3 Answers 3

up vote 16 down vote accepted

You can reuse the scheduler, but you shouldn't shutdown it. Rather, cancel the running thread which you can get when invoking scheduleAtFixedRate method. Ex:

//get reference to the future
Future<?> future = service.scheduleAtFixedRate(runnable, INITIAL_DELAY, INTERVAL, TimeUnit.SECONDS)
//cancel instead of shutdown
future.cancel(true);
//schedule again (reuse)
future = service.scheduleAtFixedRate(runnable, INITIAL_DELAY, INTERVAL, TimeUnit.SECONDS)
//shutdown when you don't need to reuse the service anymore
service.shutdown()
    
@Alex The first future object will not release, until the service is shutdown. It will be a memory leak when service lives long, and schedule many times. If true, is there a way to avoid memory leaking? –  Nickolas Oct 9 '13 at 11:35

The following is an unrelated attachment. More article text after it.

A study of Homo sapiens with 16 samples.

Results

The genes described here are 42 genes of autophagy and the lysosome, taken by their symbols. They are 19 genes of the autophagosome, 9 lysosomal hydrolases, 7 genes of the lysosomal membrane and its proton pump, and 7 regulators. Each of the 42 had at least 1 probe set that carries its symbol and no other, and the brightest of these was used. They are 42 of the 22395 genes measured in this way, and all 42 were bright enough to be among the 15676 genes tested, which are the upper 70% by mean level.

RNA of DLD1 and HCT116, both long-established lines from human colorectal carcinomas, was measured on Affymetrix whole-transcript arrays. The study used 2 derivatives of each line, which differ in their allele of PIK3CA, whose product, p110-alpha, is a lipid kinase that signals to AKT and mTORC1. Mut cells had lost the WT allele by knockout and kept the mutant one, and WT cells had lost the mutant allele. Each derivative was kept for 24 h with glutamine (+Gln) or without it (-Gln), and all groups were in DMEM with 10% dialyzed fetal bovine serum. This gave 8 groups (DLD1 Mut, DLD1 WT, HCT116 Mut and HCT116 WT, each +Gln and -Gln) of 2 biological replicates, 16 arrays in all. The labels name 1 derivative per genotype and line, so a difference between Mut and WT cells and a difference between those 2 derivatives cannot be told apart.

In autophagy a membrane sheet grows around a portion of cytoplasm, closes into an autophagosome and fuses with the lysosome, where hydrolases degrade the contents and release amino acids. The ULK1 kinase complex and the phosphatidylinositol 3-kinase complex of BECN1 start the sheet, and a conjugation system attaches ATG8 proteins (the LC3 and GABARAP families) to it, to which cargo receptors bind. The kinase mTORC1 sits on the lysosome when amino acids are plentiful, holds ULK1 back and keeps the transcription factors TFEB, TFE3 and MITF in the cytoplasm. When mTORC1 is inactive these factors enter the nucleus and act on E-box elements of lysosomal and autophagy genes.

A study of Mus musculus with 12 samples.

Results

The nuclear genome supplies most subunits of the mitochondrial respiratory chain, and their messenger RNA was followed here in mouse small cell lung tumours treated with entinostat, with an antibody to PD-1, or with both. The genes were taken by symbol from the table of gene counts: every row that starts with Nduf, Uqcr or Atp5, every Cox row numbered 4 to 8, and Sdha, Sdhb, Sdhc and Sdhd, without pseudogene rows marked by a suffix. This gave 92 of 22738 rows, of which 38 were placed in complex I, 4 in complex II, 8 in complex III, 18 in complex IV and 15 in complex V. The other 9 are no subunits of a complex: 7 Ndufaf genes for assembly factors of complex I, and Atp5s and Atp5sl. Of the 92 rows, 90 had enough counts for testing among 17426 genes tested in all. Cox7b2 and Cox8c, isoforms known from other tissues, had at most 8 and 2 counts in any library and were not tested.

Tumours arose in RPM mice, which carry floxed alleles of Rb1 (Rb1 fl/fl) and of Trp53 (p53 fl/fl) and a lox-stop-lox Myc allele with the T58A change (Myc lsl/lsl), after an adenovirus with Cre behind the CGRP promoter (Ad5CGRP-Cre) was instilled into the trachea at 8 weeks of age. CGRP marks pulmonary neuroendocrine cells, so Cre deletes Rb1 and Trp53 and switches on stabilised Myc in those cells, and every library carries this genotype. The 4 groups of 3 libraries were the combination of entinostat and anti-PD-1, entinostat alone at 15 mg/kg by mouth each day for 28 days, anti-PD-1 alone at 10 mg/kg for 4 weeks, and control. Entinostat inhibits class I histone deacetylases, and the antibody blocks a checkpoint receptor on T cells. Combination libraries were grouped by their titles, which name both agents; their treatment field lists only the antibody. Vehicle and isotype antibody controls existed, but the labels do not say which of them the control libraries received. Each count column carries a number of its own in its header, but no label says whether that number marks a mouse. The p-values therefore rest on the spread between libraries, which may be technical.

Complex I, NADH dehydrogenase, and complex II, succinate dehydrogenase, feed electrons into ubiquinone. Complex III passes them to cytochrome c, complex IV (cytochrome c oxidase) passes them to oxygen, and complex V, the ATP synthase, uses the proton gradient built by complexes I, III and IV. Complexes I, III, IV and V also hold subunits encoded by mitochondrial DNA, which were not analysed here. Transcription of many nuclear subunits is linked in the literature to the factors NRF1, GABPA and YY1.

I am wrong, the canceled futureTask will not be added to workQueue, so it will be released by GC. –  Nickolas Oct 9 '13 at 13:07

The javadocs of shutdown() say:

Initiates an orderly shutdown in which previously submitted tasks are executed,
but no new tasks will be accepted.

So, you cannot call shutdow() and then schedule new tasks.

    
Either create a new ScheduledExecutorService or don't shutdown the existing one. Is there a reason you are shutting it down? –  Peter Knego Nov 18 '10 at 12:11

You can't make your executor accept new tasks after shutting it down. The more relevant question is why you need to shut it down in the first place? The executors you create should be re-used across the lifetime of your application or sub-system.